Feferman-Landin Logic

Ian A. Mason
University of New England

Carolyn L. Talcott
Stanford University


In a series of papers in the 1960s Landin proposed that programming languages should consist of the lambda calculus augmented by primitives for manipulating data as well as aspects of a program's environment such as state, control, or interactivity. We will call such languages ``Landinesque languages''.

In the 1970s and 1980s Feferman developed several theories for natural formalization of constructive mathematics. These theories treat functions as objects in a first-order setting.

In the 1990s Mason, Talcott and their collaborators used Feferman's theories as a starting point for developing formalisms for reasoning about two specific Landinesque languages: IOCC (Impredicative theory of Operations, Control, and Classes) and VTLoE (Variable Type Logic of Effects). The Landinesque language of IOCC incorporated a control facility similar to Scheme's call/cc, while VTLoE incorporated ML-like reference cells.

Following Feferman's ideas, both formalisms are essentially first-order, two-layered theories. The lower layer is a theory of program equivalence. The upper layer is a theory of class membership with a general comprehension principle for defining classes. Many standard class constructions and data-types can be represented naturally including algebraic abstract data types, list-, record-, and function- type constructions. In addition classes can be constructed as minimal or maximal fix-points, which in turn give rise to associated induction and co-induction principles.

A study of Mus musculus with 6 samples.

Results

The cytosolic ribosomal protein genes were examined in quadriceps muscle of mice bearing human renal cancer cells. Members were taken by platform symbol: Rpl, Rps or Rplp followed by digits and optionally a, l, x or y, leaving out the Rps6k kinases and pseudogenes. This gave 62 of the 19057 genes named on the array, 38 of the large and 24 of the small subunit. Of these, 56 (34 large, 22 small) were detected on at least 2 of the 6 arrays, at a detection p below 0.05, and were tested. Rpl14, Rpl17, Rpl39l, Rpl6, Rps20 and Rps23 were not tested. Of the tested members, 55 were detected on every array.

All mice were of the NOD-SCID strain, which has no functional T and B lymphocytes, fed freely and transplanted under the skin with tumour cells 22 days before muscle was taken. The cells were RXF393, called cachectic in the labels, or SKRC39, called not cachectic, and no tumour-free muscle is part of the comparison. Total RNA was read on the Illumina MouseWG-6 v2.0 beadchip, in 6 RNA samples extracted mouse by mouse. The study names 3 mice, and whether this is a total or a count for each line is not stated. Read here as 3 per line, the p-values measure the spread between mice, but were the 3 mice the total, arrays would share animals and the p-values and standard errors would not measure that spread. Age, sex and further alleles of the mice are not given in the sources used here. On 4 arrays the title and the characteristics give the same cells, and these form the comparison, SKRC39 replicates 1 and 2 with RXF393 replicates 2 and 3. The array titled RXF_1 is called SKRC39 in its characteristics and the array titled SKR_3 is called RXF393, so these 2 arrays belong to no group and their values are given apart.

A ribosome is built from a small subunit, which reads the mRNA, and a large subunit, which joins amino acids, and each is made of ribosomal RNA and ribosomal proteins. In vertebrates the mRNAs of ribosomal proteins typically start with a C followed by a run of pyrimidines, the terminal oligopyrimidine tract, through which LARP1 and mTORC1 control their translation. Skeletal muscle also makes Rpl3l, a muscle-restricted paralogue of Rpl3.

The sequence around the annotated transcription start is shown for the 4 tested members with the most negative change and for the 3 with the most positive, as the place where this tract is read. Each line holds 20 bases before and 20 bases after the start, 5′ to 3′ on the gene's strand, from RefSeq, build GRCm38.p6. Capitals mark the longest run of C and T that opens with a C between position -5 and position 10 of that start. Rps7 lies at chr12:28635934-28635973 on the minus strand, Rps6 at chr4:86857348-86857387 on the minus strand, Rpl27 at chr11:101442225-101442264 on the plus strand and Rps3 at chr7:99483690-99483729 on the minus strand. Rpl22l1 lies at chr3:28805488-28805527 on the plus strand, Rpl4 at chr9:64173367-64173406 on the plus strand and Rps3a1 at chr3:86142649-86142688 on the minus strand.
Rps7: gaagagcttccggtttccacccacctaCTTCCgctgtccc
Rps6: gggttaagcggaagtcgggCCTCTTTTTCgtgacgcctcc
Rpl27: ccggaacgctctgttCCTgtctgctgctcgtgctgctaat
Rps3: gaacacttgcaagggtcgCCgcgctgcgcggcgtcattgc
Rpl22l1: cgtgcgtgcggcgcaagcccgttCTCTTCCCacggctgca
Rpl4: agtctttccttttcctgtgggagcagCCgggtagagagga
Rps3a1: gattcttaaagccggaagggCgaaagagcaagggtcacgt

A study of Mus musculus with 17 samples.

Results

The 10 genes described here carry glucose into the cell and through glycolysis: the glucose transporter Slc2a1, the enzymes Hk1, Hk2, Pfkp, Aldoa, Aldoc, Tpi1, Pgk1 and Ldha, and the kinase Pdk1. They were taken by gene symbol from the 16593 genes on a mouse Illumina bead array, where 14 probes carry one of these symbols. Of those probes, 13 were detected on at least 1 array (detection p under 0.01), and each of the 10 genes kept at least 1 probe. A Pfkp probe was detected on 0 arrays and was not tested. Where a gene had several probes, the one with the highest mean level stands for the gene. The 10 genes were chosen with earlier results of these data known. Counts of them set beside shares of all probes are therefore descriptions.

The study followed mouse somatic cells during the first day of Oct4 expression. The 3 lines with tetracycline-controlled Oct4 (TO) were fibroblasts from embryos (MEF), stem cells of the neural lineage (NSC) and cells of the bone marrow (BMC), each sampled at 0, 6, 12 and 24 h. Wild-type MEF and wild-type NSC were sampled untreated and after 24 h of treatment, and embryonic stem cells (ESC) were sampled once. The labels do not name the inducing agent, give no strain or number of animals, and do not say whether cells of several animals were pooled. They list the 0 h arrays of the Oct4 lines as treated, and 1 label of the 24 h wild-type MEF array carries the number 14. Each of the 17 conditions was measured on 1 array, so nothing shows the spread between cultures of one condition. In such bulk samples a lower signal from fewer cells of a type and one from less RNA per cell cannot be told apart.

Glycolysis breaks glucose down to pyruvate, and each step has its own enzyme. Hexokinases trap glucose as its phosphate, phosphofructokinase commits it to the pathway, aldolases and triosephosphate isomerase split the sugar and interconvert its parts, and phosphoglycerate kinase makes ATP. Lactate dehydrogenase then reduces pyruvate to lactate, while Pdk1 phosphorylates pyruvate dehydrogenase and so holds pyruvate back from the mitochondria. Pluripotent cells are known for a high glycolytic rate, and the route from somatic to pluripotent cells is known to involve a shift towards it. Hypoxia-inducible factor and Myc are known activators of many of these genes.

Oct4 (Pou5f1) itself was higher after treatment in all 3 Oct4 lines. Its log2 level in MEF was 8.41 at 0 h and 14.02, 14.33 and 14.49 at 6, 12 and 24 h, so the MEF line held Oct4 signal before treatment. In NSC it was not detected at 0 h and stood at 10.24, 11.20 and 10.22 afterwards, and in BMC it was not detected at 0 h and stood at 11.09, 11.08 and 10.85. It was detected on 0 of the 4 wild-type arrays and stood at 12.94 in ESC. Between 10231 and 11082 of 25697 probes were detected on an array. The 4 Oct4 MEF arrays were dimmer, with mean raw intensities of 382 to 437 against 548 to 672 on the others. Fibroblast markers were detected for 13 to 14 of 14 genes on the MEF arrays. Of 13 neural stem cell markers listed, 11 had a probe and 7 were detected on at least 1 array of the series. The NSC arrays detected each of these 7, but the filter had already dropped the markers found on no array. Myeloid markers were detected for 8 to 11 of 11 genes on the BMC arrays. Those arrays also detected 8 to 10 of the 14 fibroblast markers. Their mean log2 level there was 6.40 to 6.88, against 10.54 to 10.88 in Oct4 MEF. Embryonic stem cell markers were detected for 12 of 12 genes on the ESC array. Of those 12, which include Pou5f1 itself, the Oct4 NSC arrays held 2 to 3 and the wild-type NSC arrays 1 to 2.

More recently Talcott introduced a general framework for defining the semantics of Landinesque languages along with the notion of uniform semantics. For such languages we have the combined benefits of reduction calculi (modular axiomatization), and operational equivalence (more equations). In addition we have a sound basis for defining satisfaction for VTLoE-style assertions.

In this talk we show how to combine all of these ideas in a logic for reasoning about Landinesque languages called Feferman-Landin logic (FLL for short). FLL generalizes VTLoE to Landinesque languages with uniform semantics. We will give some examples of primitive operations and their formalization in FLL and illustrate some of the subtilties of reasoning about effects as well as the wide range of properties the can be expressed in this logic.